Bing Foon Wong was among three boys and one sister from a family of 12 children who served in the Second World War. His other siblings who served were Frank, Bing Chew, and Mary Wong. His brother-in-law, Harry Gong, also participated in the war.
Bing F. Wong was born and grew up in Vancouver until age 14 when, in 1935, the family moved to Alert Bay – a remote island off the coast of British Columbia. There his father established a general store called “Wong Toy & Sons Ltd”.
By the outbreak of war, most of the siblings had moved back to Vancouver or to Victoria. Brothers Frank and Bing Chew had enlisted in the army. Brother-in-law Harry trained to fly spitfires and was stationed with the RAF in India. Sister Mary would work for the Navy in Esquimalt, B.C.
Meanwhile Bing F. volunteered for the Pacific Coast Militia Rangers (PCMR) in Alert Bay. Their assignment was to be the last line of defence protecting coastal British Columbia from a Japanese invasion.
In the early days the PCMR volunteers were issued only arm bands and PCMR cap badges to wear on their own clothes. They were also required to use their own rifles. Later in the war the volunteers were issued a uniform of khaki shirts and pants, a helmet and a gas mask. In time, each man was also provided a Winchester .30-30 rifle.
The group in Alert Bay, numbering about 15 men, had one Bren machine gun between them and a small supply of hand grenades. Among the Alert Bay volunteers, there was one man who had previous military experience and he was promoted to Sergeant and trainer.
Training took place during the day and night. For daytime training, PCMR volunteers who ran stores would close up shop and post “PCMR on Manoeuvres” signs in their windows. They then would go do their tactical training, practice shooting, and toss hand grenades. Bing F recalls that one time a thrown hand grenade did not explode. The volunteers tried shooting the grenade but none could hit it and make it explode. The Sergeant carefully crawled up to the dud grenade, laid down a live grenade beside it, and ran back to the group who were a safe distance away. The ensuing explosion detonated the faulty grenade. Such as it was with no training facility, much was improvised with ingenuity.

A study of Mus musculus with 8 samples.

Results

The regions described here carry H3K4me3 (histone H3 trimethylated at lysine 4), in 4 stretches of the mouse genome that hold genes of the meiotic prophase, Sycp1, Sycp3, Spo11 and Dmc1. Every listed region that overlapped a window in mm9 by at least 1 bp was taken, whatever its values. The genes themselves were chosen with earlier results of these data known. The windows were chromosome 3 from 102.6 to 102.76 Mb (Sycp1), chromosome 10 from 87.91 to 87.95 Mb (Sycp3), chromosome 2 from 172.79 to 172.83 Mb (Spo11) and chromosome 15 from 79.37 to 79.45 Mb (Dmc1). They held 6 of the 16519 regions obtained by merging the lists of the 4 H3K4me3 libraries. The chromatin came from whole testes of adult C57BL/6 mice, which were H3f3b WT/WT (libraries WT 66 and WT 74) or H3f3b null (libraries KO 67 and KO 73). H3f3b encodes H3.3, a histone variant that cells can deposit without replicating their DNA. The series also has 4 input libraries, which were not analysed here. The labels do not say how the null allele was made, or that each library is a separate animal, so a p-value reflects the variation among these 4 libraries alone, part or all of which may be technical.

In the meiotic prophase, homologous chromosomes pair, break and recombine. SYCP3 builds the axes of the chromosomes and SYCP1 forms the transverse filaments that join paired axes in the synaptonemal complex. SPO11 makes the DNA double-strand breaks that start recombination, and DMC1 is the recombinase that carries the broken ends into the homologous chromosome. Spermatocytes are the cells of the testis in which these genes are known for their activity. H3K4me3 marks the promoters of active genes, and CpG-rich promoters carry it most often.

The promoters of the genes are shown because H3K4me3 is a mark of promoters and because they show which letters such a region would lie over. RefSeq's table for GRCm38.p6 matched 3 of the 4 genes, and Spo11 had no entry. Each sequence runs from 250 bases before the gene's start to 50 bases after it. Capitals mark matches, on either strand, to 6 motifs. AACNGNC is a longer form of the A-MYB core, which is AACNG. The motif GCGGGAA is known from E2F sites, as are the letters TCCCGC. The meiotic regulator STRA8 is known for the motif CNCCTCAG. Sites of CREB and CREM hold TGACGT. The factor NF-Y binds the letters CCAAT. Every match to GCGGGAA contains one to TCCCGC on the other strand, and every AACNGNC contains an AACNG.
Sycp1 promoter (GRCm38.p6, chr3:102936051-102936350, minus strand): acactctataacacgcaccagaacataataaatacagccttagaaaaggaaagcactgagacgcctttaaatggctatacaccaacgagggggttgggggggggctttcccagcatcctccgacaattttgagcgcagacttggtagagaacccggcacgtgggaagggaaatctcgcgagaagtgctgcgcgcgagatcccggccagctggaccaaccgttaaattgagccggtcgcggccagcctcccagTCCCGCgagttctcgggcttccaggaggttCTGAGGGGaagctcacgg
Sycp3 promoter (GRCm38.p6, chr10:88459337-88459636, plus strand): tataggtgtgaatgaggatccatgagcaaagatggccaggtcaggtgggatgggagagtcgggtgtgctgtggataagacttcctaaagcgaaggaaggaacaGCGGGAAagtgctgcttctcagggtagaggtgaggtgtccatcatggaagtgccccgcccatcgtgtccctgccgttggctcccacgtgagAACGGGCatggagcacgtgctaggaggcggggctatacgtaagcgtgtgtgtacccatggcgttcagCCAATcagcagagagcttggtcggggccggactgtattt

On another training mission, the men were to row to a neighbouring island for manoeuvres. The skiff was fully loaded, maybe even overloaded. Holding onto the gunwales, Bing F. recalled feeling the water lapping at his fingers. There was virtually no free board left and the water was just inches from washing over the top edge of the skiff. The water was deep and cold. Fortunately, the group made it to the Island without capsizing.
There were night time exercises and tasks too. One task was to ensure blackout. PCMR recruits were charged with going through the village making sure all windows were covered and no light escaped the houses. The village needed to be absolutely dark lest Japanese bombers see an inhabited place and unleash bombs.
Bing F. recalled that one of the more emotionally difficult tasks was to round up the confiscated gillnetters of the Japanese fishermen in the village who, along with their families, had been sent to internment camps. Little is known now of the Japanese families who were at one time residents of Alert Bay and neighbours to the PCMR recruits.
The PCMR reflected the diverse demographics in Alert Bay and included Caucasians, First Nations, and six Chinese residents.
For many years, the contribution of PCMR members was not recognized by the Government of Canada. However that changed in 2014. In that year, Bing F was finally issued with a certificate of appreciation of service.
Bing F. passed away in January 2015 at the grand age of 94.
He was proud to have been a 75-year Royal Canadian Legion member, Branch 198. And his days in PCMR were some of his most memorable experiences.